Watt’s up: Why you can still only get a certain amount of brightness from a battery you can carry on your back whatever you’re using.
Recently, a friend turned down the offer of borrowing a 575-watt HMI PAR on the basis that “it can't be battery-powered.” Well, okay, in actual fact it can, but it's true that a 575-watt light isn't easy to run from battery power that you can tote around in a backpack. Naturally, this would be just as true of a 575-watt LED, but for reasons quite possibly related to commercial expediency this isn't widely recognised.
Stated straightforwardly, of course, it's clear that 575 watts of one sort of load is – in the broad strokes – similar to 575 watts of another sort of load and requires just as big a pile of batteries to power it. The other thing to be aware of is that LEDs don't actually produce much, if any, more light per watt than things like HMI and fluorescent, so a 575-watt LED, if such a thing existed, wouldn't be any brighter than a 575-watt HMI, or a 575-watt collection of fluorescent tubes. In 2016, we don't have the technology to create light on the order of a 575W HMI with battery power. It does not exist.
The point, though, is that LED is small, light, and tough on its own terms. It's not smaller, lighter or tougher than, say, a 2.5kW HMI, because there are few LEDs that have comparable output to a 2.5kW HMI. The comparison simply isn't relevant. It makes slightly more sense as regards fluorescent tubes, which can have similar power density per unit area to an LED panel, but the best way to approach LED is still on its strengths, not in how well it competes with things that it just can't compete with.
Few if any LED products can match the output of this 6K HMI
Manufacturers often claim that LED has a ten-to-one efficiency advantage. It's really more like four to one, over tungsten, which is broadly the same as HMI and fluorescent. This is especially true of LEDs with good colour rendition. It's possible to make LEDs that are significantly more efficient than the most efficient alternatives, but the necessary engineering compromises mean the light is unhealthily cyan-tinted and far from suitable for filmmaking (though it can have a certain interest factor if used in a deliberately coarse, mixed-colour-temperature scenario). The degree of scrutiny afforded to LED colour may be a bit unfair these days, since the best is now quite good, but for very high output scenarios – for backlighting that huge night exterior with a convincing moon – the incumbent technologies remain effective.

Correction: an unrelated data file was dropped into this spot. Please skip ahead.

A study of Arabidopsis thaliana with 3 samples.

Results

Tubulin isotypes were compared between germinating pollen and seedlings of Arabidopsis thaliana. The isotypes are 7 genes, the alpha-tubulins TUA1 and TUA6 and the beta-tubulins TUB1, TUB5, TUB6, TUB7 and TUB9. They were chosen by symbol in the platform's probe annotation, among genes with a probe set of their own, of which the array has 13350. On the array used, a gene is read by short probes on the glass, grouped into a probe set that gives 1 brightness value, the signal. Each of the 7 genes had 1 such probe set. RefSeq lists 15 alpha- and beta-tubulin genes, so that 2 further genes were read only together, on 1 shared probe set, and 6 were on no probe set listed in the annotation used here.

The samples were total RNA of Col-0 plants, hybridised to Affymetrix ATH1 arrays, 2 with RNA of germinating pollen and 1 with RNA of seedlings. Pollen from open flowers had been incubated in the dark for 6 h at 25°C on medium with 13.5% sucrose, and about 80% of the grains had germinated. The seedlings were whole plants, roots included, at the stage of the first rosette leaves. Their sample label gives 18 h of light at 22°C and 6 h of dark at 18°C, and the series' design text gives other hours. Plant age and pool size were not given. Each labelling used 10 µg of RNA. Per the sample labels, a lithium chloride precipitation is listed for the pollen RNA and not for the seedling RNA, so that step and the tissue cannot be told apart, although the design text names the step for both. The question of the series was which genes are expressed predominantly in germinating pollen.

LED strip is cheap and often useful as a production design and set dressing element, and is a genuinely useful new development
The reason that egregious claims about LED efficiency gain traction is because of the confusion between brightness and intensity. The emissive part of an LED device is physically small and easy to focus. LED flashlights, usually at about three watts, can be dazzlingly intense, but naturally, if they're fired through some diffusion to create broader coverage, there's practically nothing there. All of the energy is fired into a very narrow beam angle, so the beam looks impressively powerful. Try to do anything with it, though, in terms of achieving a given stop over a given area, and there's not actually all that much energy there. Many LED devices are in the sub-hundred-watt range, something that certainly goes for most of the foot-square panels we see, as well as the vast majority of affordable fresnel- or par-style lights.
A one hundred watt LED is a useful device, certainly exceeding the sheer output of the smallest tungsten units – 300W fresnels, for instance. But it's not going to provide a key light for a scene more than a few feet wide, even with modern, highly-sensitive cameras, and especially if it's put through diffusion. They are quite good for backlight, where colour problems can often be overlooked in favour of a simple warm or cool cast to represent sun or moon respectively, but directors of photography still need to look for more powerful lights for their primary lighting instruments.
The largest single-device LED arrays are currently at a few hundred watts, like this 100W Yuji module. Notice the 10x10 grid of one-watt junctions
Modern productions are often very budget-constrained, very mobile, and need to work very quickly. The desire to be off the mains, even just because it makes lighting faster to place, is entirely understandable, and is becoming the new normal. In the best cases, productions with little time but lots of expectation can do a better job simply because a battery-powered LED can be walked in quickly and set in seconds. It's quite common to be asked to steal shots on street corners even on otherwise well-organised shows, insurance implications be damned, and productions are often improved by the ability to do this. Sit-down interviews can now quite often be lit entirely with cordless lighting.
Anything bigger than that, however, will generally require a little more juice than can reasonably be carried around in a box.